Jeffrey Beall is a librarian who until recently curated a black list of predatory journals and publishers on the Scholarly Open Access website. Beall defined a list of criteria that he used to assess journals and publishers for legitimacy, which has been criticised by some for being inconsistent and non-evidence based. A new study published in BMC Medicine compared the characteristics of journals on Beall’s list with those of legitimate open-access and subscription-based journals in order to identify key features of potential predatory journals. The authors discussed the results of this study in a recent blog.

The authors identified several important differences between predatory journals, or illegitimate entities as the authors refer to them, and those that were presumed legitimate. Specifically, illegitimate entities often had unprofessional websites that promoted fake impact factors and lacked detail on ethical policies and reporting standards. Most offered substantially cheaper author processing fees compared with credible journals, often without providing editorial services or robust peer review. Furthermore, papers published in illegitimate entities were not typically indexed in traditional databases such as Medline, although may be identified through online searches.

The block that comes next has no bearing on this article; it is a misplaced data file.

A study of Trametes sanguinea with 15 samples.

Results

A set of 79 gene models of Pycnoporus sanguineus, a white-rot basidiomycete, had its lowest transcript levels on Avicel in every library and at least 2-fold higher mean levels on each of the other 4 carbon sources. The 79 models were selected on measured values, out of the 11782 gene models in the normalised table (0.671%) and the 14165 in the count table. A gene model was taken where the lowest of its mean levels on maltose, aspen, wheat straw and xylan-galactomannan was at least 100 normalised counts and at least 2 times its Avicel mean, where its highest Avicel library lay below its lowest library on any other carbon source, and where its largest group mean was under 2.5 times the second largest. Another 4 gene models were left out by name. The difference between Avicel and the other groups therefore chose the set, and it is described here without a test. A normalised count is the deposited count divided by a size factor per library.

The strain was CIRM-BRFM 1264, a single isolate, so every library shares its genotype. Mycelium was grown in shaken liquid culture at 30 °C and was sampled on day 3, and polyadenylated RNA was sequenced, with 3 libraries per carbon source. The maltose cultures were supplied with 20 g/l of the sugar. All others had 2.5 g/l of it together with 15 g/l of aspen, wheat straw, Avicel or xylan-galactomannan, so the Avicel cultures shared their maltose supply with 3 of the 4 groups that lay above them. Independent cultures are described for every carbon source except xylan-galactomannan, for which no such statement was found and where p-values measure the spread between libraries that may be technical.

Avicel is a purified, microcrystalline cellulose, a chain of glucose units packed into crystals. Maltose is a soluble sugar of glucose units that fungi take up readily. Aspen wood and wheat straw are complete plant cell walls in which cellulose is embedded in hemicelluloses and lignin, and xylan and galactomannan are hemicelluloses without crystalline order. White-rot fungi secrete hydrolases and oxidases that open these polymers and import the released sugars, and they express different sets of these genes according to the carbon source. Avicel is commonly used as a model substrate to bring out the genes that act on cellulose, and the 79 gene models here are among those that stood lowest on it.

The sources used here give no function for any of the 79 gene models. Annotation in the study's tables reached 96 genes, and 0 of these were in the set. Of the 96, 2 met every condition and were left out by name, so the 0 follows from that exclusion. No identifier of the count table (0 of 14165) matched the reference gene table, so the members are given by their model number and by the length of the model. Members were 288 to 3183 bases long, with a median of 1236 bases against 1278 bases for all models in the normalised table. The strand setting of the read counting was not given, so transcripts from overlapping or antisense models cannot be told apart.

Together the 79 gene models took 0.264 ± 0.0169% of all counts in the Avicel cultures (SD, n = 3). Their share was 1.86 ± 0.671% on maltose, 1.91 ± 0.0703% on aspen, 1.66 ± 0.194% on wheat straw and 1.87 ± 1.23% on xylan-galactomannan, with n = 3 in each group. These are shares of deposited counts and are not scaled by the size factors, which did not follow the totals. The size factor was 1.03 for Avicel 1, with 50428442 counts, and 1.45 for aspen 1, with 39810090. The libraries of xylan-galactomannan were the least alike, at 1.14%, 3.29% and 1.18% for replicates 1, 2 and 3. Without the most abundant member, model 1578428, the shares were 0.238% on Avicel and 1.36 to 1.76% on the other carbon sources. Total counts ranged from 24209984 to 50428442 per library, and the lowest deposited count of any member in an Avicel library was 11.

The authors concluded that to prevent this type of journal from prevailing, potential authors should refrain from using them as a means to get their work published quickly and cheaply. However, with the ‘publish or perish’ mantra still going strong in academia, the temptation to take this easier route to publication still appears to be too hard to resist for some.


Aspire Scientific Ltd View All

Ryan co-runs Aspire Scientific, a dynamic, forward-thinking medical writing agency. Ryan has a passion for innovation, science and ethical communication.